News - Holden - Volt
Holden’s Volt plug-in ‘discharged’
Australia to miss out on the new Holden Volt as supplies of current model run dry
27 Apr 2015
By TUNG NGUYEN
HOLDEN has confirmed the new-generation Volt plug-in hybrid will not be sold in Australia after a decision was made to keep production strictly left-hand drive.
With all but one example of the current model still left in new-car showrooms, the local chapter now closes on General Motors’ pioneering range-extender electric vehicle that only went on sale here in November 2012.
However, the Australian subsidiary of the American auto giant is now considering other electrified vehicle options, such as the Chevrolet Bolt EV.
Unveiled in January at the Detroit auto show, the second-generation Volt features improved technology that will simultaneously increase range and performance, and a rear-seat redesign that accommodates three passengers.
But as GoAuto has reported, the chances of the new model arriving in Australia were always slim amid rapidly falling fuel prices and slow sales of the first-generation model, which have reduced to a trickle (seven units) this year.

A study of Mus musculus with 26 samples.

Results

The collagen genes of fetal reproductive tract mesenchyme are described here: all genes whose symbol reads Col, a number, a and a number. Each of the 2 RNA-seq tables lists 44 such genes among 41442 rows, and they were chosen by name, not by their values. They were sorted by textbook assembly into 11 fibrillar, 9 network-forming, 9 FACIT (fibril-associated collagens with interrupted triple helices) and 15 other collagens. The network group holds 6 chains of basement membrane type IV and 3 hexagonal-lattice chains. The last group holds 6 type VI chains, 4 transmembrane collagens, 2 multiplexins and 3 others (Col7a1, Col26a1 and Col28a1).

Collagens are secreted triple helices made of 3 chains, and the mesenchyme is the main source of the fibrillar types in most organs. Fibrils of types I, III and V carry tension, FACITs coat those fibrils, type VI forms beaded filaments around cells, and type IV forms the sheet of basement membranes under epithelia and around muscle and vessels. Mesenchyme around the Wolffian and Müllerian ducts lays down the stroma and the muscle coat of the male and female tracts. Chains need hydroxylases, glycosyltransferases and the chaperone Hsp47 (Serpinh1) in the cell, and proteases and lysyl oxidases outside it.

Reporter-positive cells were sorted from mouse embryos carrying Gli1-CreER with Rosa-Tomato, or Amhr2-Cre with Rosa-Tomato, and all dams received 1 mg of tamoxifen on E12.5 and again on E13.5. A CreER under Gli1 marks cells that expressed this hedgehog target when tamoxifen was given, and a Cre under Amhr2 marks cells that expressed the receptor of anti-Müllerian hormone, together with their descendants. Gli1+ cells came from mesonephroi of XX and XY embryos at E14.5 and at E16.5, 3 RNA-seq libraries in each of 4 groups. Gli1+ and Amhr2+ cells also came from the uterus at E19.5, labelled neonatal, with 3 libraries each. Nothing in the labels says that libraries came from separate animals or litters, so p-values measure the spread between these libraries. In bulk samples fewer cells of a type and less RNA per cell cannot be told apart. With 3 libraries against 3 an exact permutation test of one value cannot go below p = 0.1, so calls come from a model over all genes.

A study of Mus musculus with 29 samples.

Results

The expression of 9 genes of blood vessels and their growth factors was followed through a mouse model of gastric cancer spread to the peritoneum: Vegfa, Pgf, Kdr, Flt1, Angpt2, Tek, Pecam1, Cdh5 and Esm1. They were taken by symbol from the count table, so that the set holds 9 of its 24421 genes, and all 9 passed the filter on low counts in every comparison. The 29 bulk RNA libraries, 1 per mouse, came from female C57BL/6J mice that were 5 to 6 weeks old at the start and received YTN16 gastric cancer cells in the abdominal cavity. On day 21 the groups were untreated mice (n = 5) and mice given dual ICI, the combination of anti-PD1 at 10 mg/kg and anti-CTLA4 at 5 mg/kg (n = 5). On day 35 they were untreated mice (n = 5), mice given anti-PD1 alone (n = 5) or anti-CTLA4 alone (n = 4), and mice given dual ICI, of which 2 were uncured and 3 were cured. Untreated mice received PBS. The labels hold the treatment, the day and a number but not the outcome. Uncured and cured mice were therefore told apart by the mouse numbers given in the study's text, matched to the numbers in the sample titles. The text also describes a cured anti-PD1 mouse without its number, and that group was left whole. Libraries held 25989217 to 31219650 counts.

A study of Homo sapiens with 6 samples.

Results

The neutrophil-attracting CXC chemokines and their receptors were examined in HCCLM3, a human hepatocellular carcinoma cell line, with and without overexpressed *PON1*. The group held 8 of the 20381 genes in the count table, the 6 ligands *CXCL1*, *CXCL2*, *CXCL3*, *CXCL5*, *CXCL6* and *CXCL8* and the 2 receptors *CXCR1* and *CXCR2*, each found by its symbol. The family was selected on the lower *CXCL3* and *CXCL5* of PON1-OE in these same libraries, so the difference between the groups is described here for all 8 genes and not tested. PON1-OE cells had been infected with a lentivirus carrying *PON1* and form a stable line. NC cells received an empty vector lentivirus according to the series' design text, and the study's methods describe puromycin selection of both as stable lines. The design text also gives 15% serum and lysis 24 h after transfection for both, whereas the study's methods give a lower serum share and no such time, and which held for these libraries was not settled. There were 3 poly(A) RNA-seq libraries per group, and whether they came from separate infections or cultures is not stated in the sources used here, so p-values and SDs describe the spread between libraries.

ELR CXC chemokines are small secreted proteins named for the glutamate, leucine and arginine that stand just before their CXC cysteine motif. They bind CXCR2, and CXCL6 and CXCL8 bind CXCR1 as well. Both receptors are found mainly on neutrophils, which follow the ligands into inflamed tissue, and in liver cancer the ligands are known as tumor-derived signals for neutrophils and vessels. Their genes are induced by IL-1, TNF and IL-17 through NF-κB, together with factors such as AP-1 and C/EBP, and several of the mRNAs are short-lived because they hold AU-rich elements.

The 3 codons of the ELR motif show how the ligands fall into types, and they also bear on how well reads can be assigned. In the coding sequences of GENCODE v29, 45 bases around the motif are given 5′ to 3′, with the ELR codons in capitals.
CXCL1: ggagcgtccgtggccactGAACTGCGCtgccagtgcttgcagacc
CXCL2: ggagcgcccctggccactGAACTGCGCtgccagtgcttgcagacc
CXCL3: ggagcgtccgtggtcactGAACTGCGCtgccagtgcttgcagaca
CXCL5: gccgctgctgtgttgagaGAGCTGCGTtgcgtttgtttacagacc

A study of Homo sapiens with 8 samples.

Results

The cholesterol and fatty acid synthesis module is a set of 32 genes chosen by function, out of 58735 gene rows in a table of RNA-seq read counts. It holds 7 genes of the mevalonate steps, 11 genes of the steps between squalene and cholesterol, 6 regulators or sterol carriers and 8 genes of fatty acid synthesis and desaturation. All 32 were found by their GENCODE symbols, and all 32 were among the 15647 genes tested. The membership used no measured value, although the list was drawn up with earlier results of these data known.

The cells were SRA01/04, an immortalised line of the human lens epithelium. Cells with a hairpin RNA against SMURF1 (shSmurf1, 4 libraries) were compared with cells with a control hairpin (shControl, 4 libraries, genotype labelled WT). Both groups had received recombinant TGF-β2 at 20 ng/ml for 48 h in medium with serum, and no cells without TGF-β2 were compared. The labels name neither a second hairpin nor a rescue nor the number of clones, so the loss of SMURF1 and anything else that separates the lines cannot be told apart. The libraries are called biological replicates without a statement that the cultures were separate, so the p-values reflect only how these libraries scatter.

GM Holden senior manager of product communications Kate Lonsdale said the company will continue to provide aftersales support and parts for Volt owners.
“We are absolutely committed to supporting our Volt customers,” she said.
“All our dealers will remain completely trained and up-to-date with servicing and will continue to keep parts, as with all our vehicles.
“There will be continued support for all our customers.”
Ms Lonsdale also confirmed there are no Volts left in dealer stock, apart from a single demonstrator model.
“We’ve sold all our allocation,” she said. “There is one demonstrator vehicle left in Perth and that’s it.”
Overall, Holden registered just under 250 Volts since its arrival in 2012, with sales peaking at 101 units in 2013. Last year, it managed to shift only 58 vehicles out of showrooms.
That said, Ms Lonsdale emphasised that bringing the Volt to Australia was never about hitting sales targets or going for volume, but instead the vehicle was used to raise brand awareness and showcase new technologies.
“This car was always about introducing this fantastic new technology to Australia ... it was never going to be about sales,” she said.
“It’s about introducing new customers to the Holden brand, so from that respect we are very happy with what Volt did.”
Ms Lonsdale said the Bolt EV – shown in Holden-fabricated concept form alongside the new Volt in Detroit earlier this year – was under consideration for release in Australia, but that the business case was still being reviewed.
“It’s really early days,” she said. “We will continue to review the business case of every car we think would be suitable for Australia.
“We are committed to getting the best cars out of the global GM portfolio and we will continue to do that, and there have been no announcements regarding the Bolt as yet, apart from the fact that it’s going to go into production.”
Nissan last week reaffirmed its commitment to the Nissan Leaf, which remains one of the few pure-electric or plug-in hybrid options on the market.